Real-life website testing

AUSTIN, Texas - The woman, a test subject, sits at a computer listening to a set of scripted instructions.

"Tell me what you think, not what I want you to think. You can leave at any time. I'm here to learn about how travelers obtain traffic and road construction information through a website."

Conducting the test is a University of Texas master's in information science student, Donna Habersaat. She watches and answers questions as the test subject clicks and scrolls through drivetexas.org, a Texas Department of Transportation website for travelers.

In the next room at UT's School of Information eXperience Lab (IX Lab for short), Habersaat's test partner Tom Reavley is watching the woman's online actions through one-way glass and on a computer monitor that shows what she's doing. He listens in on headphones and checks off items on a list of ways a person might find information on the website.

A few minutes later, he says, "She's doing pretty good. She actually got through a lot of things people made mistakes on, but now she's hitting a mistake that nobody else has made so far."

Habersaat and Reavley will collect and analyze data from test subjects, turn it into recommendations on how the website might be improved, and hand that information over to TxDOT, where Habersaat works. Habersaat suggested the project to her supervisors, turning a class project into a real-world usability study.

Margo Richards, director of TxDOT's travel information division, sat in on some of the testing. The site, which launched in May, is evolving, and testing like this could help rid it of problems. "It really needs to be reliable for people to continue to use it," she said. "If we are going to put the effort and time we have into the site, it needs to be user-friendly and accurate."

The TxDOT study is an example of "usability testing" - the broad term for improving products based on how people really use them. If you've ever been stymied by a badly designed website, frustrated by a cellphone with byzantine menus, or tried to set up a DVD player with bad instructions, you've been the victim of bad design.

UT's School of Information usability guru is associate professor Randolph Bias, who as director of the lab has been teaching students how to test for a decade; previously, he worked at Bell Labs, IBM, and BMC Software as a usability expert.

When he talks to people about usability, he tends to refer to it as a religion (as in, "When did you get the usability religion?"). While the methodology of studying ease of use has existed for decades, it's only in the last 15 years that companies have gotten the message, Bias says.

"All this information, if human beings can't gain access to it, it's of no value. The last time you went to a website and you tried to do something and you couldn't, that's because it's bad usability. It's not because you're stupid, it's because they didn't design for us, the target audience," Bias said.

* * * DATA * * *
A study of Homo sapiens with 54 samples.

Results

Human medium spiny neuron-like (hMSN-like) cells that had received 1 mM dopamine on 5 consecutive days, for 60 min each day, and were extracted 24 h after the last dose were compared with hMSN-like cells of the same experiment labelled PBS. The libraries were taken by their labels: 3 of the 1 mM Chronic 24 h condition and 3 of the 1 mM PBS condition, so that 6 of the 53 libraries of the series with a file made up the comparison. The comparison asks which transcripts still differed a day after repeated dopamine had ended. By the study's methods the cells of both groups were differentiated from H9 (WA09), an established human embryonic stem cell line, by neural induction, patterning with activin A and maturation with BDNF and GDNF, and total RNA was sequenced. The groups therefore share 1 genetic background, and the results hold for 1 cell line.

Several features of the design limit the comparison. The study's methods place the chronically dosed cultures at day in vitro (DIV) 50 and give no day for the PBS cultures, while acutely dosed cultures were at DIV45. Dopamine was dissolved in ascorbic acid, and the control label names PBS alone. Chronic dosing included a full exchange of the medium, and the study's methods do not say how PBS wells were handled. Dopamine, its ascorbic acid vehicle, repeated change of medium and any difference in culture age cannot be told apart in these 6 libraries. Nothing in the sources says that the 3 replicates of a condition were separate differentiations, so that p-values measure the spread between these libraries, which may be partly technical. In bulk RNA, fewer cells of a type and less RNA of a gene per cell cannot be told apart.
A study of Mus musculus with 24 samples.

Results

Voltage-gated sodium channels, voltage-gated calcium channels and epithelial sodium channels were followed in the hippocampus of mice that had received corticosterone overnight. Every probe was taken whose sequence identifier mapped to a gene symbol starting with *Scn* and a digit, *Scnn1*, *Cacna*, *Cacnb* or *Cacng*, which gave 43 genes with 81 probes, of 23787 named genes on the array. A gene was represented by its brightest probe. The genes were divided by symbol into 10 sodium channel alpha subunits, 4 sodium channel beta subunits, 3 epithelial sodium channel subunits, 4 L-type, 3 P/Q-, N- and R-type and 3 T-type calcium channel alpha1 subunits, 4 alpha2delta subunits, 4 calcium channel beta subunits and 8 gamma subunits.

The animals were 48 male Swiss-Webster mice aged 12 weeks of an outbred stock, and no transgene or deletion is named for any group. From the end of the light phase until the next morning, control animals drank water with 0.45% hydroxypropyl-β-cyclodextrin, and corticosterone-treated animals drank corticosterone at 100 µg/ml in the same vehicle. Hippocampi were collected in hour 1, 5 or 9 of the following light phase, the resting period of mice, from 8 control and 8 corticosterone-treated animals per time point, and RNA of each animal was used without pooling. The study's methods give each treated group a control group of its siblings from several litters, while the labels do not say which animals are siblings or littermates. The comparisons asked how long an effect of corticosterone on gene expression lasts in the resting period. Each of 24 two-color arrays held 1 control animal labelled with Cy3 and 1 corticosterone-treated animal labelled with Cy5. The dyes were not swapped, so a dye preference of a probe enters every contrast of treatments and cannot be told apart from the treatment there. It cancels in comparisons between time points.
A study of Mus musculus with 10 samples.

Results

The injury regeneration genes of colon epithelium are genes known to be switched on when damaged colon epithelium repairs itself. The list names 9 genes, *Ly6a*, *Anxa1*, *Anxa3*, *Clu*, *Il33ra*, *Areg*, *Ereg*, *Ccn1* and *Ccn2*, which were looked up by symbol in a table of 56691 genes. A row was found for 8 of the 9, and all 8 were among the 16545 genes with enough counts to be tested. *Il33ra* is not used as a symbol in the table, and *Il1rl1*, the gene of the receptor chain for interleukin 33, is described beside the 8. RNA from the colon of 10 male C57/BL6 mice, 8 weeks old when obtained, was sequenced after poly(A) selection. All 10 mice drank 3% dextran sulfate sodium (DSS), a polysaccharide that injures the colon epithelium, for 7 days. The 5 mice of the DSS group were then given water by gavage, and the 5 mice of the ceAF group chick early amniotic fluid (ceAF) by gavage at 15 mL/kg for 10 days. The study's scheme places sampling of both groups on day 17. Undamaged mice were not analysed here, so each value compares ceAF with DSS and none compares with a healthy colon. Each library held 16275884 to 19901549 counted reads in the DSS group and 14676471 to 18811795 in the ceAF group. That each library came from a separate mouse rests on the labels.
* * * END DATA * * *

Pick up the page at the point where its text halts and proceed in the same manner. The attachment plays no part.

If that sounds painfully familiar and if there are proven methods for usability testing, why are there still so many badly designed products and websites? Bias says many companies test as an afterthought, just before a product release, rather than throughout the design process. Others don't test well, or simply refuse to believe they haven't invented the greatest thing since the Post-it. That's why good usability testers are important.

"Usability people are in the business of telling people their baby's ugly," Bias said. But, he added, "we don't just say, 'Your baby's ugly,' we say, 'Here's how we make this baby pretty' " - i.e., usable.

In the mid-'90s, as usability was starting to get a seat at the tech-design table, Bias cowrote a book, Cost-Justifying Usability, arguing that usability testing isn't just about making customers happy but about increasing profits. "You'll sell more, you'll have more customers and less customer support. At the same time, you'll get good press," he said.

But how do you teach students to be good product testers? In class, Bias uses humor, Skype calls to experts such as Don't Make Me Think author Steve Krug, and role-playing. In a recent class, Bias and a student demonstrated what not to do in a usability test. The student played a frustrated subject ("I'm lost") and Bias an unethical tester who wouldn't let his subject leave and undermined his confidence ("Well, nobody's ever clicked that").

The lesson: How you test is as important as what you test and the data you get back; it must be done ethically and without the tester's getting defensive in the face of negative feedback or going into "teacher mode" to influence the subject. But in the IX lab, students learn by conducting their own tests, then turning the observations into suggestions for improvements, often for nonprofits or government agencies that can use the help.

It's easy to see where in the tech world usability is an issue. For the last decade, Apple has had a run of computers, music players, and phones considered more intuitive and user-friendly than those of competitors. And Microsoft's Windows 8, a new version of its operating system, has been slammed by some usability experts for being confusing.

Testing thoroughly and properly doesn't necessarily mean improvement - designers can ignore usability data due to time constraints or cost - but designing without it can be a recipe for disaster. As Bias says, "It's impossible to have good intuitions about what other people's experiences are until you watch them."